Populism In a Nutshell, Again
This is a pretty minor story for anyone outside of Florida’s 19th district, Congress-critter-wise. But I want to briefly touch on it because it underscores one of the inherent problems I’ve been talking about with populist movements: they inevitably end up revolving around non-believing hucksters.
Those hucksters might be media folks trying to leverage ratings like Glenn Beck, or empty suits like Sarah Palin looking to make a fast buck, or simple gravy-trainers like Herman Cain, Michelle Bachmann, Rick Perry — basically anyone not named Romney or Hunstman who threw in for the GOP nod.
Law and order populist movements vote in white-collar criminals; family-values populist movements vote in married men looking to bang their staff; anti-gay populist movement vote in kind of a surprising number of gay men pretending to be straight. It’s like clockwork, really.
Last year the good social conservatives of Florida’s 19th district voted in Trey Radel. A conservative talk radio host married to a Fox News anchor, Radel ran as a true Tea Party populist. Before he was elected to office and started voting to repeal Obamacare, shut down the government and default on the national debt, Radel was a culture warrior who bravely stood against the legalization of drugs during his campaign.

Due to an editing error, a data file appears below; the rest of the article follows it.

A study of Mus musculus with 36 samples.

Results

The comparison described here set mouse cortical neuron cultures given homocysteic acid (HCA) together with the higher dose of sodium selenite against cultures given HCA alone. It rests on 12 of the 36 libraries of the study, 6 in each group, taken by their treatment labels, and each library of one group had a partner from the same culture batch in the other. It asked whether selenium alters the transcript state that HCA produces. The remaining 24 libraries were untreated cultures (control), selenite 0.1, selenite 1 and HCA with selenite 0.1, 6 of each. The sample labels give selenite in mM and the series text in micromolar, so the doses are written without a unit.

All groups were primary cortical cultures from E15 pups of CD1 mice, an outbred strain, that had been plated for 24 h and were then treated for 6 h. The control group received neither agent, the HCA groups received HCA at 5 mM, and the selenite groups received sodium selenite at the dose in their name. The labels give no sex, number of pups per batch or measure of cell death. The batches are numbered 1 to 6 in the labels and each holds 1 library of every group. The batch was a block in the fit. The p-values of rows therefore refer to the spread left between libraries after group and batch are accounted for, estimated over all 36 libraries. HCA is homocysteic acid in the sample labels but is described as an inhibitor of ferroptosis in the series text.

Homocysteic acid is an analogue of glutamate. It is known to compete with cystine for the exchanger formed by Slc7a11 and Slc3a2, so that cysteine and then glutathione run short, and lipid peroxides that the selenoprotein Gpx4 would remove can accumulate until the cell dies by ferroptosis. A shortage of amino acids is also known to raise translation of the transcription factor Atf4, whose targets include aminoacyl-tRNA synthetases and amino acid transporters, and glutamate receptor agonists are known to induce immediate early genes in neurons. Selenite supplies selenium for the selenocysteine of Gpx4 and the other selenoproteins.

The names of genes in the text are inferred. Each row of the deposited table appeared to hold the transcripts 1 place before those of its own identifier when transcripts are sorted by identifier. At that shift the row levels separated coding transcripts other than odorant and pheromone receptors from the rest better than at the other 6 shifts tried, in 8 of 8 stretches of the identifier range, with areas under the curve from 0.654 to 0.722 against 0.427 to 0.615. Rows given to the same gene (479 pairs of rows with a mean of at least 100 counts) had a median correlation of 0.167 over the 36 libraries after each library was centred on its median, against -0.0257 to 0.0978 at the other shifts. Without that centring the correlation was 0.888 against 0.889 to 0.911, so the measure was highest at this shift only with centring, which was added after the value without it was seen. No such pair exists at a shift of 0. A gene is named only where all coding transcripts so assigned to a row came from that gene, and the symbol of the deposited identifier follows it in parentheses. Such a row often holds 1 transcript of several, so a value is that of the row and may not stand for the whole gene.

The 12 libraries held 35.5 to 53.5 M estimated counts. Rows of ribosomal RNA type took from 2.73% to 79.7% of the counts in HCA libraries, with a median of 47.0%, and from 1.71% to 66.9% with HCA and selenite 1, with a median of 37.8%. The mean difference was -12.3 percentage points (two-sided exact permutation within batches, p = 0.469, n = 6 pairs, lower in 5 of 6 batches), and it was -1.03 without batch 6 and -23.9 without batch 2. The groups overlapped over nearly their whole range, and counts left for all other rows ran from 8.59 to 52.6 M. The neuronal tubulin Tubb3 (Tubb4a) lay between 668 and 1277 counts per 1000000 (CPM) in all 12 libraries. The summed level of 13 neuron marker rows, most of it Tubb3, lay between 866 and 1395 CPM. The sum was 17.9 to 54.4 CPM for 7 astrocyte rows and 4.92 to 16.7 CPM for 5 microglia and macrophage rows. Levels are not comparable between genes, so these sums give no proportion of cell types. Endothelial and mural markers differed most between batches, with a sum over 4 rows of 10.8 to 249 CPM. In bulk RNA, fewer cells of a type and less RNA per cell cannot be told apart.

So consider me not at all shocked to see that he was just arrested for possession of cocaine.
Like I say, the story itself is pretty small potatoes, and on a site whose readership backs the legalization of drugs as much as this one I don’t expect a lot of cries of outrage here.
But I do wonder what it is about populist movements that they so consistently fall so hard for hucksters promising that they are the Christ-like embodiment of the movement itself.